Scientists might have for the first time ever cured someone of HIV.
While American scientists have successfully cured mice of HIV, British scientists and researchers have moved on to human trials and results are incredible.
A 44-year-old British man was treated with a new form of therapy that destroys the virus in ways previous treatment methods have failed to do. Recently released blood work confirms that the disease has been fully removed from the mans system, leaving scientists and society on the edge of their seats waiting for official confirmation, the Independent reported.
The man, a social worker, is the first of 50 patients who will complete this new treatment method.
Previous HIV therapy managed only to the virus only from replicating in the body, but what separates HIV from other diseases is its ability to hide from such treatment.
HIV can integrate itself into a host cell, and create a latent reservoir. This means that, while medication can eradicate obvious HIV cells, it is not able to address these undercover cells that carry the disease. When a person stops taking the currently available medication, they are even more likely to get the disease at an aggressive rate, Very Well reported.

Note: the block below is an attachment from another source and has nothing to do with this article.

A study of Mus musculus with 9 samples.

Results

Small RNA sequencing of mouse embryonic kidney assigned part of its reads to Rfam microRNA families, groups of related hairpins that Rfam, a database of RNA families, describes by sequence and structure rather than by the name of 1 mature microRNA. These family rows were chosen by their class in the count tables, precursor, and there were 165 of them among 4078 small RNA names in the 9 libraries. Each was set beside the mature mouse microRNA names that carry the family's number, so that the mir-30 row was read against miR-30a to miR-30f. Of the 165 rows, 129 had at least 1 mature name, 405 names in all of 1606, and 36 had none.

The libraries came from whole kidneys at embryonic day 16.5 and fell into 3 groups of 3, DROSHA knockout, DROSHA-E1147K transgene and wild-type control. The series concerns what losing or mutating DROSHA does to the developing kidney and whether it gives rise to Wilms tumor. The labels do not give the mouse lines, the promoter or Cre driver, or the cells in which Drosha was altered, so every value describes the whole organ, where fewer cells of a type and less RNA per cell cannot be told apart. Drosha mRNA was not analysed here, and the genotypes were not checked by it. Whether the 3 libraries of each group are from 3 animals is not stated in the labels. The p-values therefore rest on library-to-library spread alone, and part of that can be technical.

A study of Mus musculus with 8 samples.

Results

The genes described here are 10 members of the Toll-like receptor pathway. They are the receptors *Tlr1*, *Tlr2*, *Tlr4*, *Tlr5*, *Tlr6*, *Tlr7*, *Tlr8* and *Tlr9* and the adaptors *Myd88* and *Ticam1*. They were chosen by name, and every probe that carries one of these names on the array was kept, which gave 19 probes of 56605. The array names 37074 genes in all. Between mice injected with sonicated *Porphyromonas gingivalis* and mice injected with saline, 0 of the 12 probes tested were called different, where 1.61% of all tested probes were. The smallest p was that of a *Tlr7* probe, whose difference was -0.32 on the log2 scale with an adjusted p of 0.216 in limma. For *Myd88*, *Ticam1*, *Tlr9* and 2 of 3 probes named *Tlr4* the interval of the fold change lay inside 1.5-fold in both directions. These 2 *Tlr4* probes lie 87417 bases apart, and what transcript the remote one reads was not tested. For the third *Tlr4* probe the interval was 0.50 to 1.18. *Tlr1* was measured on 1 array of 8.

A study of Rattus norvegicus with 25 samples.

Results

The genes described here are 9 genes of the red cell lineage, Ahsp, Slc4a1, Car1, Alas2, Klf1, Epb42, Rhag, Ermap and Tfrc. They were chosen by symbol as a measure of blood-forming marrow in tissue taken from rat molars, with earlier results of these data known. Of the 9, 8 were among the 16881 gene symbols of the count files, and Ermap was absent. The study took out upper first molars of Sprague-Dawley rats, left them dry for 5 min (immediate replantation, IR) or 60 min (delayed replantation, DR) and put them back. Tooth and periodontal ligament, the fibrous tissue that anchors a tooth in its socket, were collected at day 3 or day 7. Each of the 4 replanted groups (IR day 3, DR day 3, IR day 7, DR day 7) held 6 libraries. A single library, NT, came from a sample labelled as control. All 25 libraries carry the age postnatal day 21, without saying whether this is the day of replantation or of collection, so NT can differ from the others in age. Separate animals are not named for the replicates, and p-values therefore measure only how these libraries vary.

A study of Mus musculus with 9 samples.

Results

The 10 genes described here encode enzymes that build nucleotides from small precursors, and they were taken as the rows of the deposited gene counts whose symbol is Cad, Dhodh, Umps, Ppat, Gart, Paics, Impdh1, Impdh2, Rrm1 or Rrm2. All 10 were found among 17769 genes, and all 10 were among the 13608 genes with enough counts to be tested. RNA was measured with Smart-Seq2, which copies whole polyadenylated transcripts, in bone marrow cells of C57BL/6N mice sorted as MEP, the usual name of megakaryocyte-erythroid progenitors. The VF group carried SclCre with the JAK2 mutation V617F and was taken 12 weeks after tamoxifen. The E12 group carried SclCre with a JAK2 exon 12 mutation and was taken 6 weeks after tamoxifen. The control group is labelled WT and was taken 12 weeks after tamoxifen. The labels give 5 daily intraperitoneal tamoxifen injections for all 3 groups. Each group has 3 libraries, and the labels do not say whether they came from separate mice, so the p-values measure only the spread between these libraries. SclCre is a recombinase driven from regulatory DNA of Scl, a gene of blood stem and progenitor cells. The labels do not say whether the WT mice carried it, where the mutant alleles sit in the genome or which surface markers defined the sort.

The treatment that this patient received launches a two-part attack on the virus, known as "kick and kill." Unlike previous methods, it destroys the virus in every part of the body, including these dormant reservoirs that have previously been neglected.
These clinical trials come from a collaboration of effort between doctors and scientists from Oxford, Cambridge, Imperial College London, University College London and King's College London, and are being financed by the National Health Society.
Although the man who has received this new treatment as part of the trial has made "remarkable progress," these researchers have cautioned that it is too early to determine the accuracy of the experiment.
The U.S has made similar findings, but has yet to implement the methods in a human trial.
On May 3, scientists and researchers from Lewis Katz School of Medicine at Temple University and the University of Pittsburgh, in a joint collaboration, managed to eliminate HIV from three different types of mice with HIV, the Daily Mail reported.
In this project, scientists used CRISPR-Cas 9, a genetic editing tool, to remove HIV DNA from the cells, similarly targeting these latent reservoirs that have previously been ignored.
The project was tremendously successful in all three pools of mice and will hopefully move to clinical trials on humans, like the NHS study.